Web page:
A best pic win at the Oscars customarily translates into a major bounce in B.O. bucks. But for the second year in a row, any Oscar riches for the year’s best pic will be showered on the winner’s DVD rollout rather than its theatrical run.
As with “Crash” last year, Warner Bros.’ “The Departed” had already entered the DVD market when its name was called as the night’s last award at the Kodak Theatre.
Wins should cement a nice uptick in units shipped for Warner Bros. instead of any turnstile-spinning at the multiplexes.
(Once in the homevid market, a pic can eke back into theaters, but not in a major way as most exhib chains aren’t amenable to pics that have already hit the homevid window.)
“Departed” opened in October as a No. 1 — and the biggest ever opening for Scorsese — and never looked back as the biggest B.O. success story among the best pic nominees.
Scorsese’s pics rarely crossover outside urban auds, and no pic he’d ever helmed had opened bigger than $11 million. “Departed” hit more than $26 million when it bowed, outpacing expectations.
Pic spent three weeks at No. 2 on the charts, beating out awards hopefuls including “The Prestige” and “Flags of Our Fathers” on word of mouth that powered it to $131.5 million at the domestic B.O.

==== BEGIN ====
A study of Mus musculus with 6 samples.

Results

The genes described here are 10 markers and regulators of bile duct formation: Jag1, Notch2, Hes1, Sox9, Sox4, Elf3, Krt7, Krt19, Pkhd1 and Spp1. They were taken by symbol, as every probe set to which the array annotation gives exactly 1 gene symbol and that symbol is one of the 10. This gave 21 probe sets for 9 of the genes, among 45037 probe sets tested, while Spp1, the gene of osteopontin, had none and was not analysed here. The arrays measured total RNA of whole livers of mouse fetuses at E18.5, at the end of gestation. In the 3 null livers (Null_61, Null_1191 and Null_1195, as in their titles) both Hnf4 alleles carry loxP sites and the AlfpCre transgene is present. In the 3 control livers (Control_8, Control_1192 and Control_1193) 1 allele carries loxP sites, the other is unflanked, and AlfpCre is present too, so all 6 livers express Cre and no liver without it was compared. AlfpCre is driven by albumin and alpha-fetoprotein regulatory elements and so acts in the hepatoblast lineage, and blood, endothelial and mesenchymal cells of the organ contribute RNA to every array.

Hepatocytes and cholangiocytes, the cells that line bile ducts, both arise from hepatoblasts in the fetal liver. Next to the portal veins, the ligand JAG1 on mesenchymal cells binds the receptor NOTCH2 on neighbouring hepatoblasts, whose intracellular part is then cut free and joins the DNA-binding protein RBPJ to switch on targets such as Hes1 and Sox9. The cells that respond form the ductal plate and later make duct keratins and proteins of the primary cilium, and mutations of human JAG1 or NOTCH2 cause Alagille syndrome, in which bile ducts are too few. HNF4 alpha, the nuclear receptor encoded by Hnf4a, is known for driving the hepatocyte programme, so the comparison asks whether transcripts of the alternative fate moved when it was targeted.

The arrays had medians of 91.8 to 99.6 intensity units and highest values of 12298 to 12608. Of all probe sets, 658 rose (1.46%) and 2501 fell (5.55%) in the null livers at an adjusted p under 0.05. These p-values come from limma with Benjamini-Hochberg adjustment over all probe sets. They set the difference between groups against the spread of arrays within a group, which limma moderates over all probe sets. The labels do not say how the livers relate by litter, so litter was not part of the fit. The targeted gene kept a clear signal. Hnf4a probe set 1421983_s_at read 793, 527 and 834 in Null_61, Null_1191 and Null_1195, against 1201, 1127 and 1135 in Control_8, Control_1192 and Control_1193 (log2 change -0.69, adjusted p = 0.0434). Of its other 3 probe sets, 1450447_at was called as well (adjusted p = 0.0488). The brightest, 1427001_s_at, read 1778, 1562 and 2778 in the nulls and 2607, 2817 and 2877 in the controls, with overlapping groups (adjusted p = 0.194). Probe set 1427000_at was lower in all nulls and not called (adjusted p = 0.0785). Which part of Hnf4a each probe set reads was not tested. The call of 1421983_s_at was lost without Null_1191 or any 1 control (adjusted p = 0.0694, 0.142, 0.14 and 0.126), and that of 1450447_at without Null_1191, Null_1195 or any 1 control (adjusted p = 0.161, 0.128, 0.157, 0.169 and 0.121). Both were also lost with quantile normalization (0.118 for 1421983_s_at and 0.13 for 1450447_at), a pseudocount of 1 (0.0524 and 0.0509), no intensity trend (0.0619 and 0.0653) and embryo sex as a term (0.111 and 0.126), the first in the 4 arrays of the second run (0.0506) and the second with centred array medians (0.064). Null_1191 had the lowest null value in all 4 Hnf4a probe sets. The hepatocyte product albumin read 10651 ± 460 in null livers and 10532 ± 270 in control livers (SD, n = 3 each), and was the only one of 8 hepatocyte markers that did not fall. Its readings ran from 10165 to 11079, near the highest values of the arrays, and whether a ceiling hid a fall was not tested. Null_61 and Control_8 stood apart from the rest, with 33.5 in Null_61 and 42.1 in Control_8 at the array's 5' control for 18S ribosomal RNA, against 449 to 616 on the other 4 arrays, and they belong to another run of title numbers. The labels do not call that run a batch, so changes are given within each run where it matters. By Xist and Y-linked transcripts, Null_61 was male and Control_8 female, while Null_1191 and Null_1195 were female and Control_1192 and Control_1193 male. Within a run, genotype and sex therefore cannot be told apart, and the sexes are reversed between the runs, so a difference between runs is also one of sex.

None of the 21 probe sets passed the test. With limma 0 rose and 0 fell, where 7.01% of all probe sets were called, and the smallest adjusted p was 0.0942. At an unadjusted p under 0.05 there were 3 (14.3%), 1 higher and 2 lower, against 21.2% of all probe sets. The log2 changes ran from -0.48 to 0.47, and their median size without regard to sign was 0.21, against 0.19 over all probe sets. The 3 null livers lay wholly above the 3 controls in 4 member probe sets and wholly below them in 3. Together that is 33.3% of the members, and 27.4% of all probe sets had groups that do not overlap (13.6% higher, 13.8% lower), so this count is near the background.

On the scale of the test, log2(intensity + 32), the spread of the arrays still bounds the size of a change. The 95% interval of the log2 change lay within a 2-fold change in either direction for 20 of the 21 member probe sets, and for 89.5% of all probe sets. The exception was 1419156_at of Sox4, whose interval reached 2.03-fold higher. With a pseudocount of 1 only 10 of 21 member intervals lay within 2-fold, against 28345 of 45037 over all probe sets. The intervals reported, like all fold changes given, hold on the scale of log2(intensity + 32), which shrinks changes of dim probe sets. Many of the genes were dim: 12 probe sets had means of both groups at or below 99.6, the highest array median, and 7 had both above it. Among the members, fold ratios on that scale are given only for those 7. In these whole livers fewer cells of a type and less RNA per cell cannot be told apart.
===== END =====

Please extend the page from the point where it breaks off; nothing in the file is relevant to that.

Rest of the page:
After taking in $121.7 million after 16 weeks, Warner Bros. put its hit back in wide release just before its DVD run in late January.
Move added another $6.5 million to “Departed’s” take.
As with “Departed,” fellow best pic nominees “Babel” and “Little Miss Sunshine” are already available on DVD and would look to make further coin in ancillary markets.
However, wins in categories outside the best pic circle rarely rate as highly in added biz.
The film that “Departed’s” win in the best pic category may have hurt most is Warner’s own “Letter from Iwo Jima,” a pic that has stayed in limited release, and is still in theaters on just over 650 screens.
A win might’ve been the needed boost the subtitled “Iwo Jima’ could have used to go much more widely and drive B.O.
And the pic hit on the right mix of Hollywood pizzazz — a starry cast and a fun, violent ride — with arthouse cred in Scorsese and its roots as an Asian remake.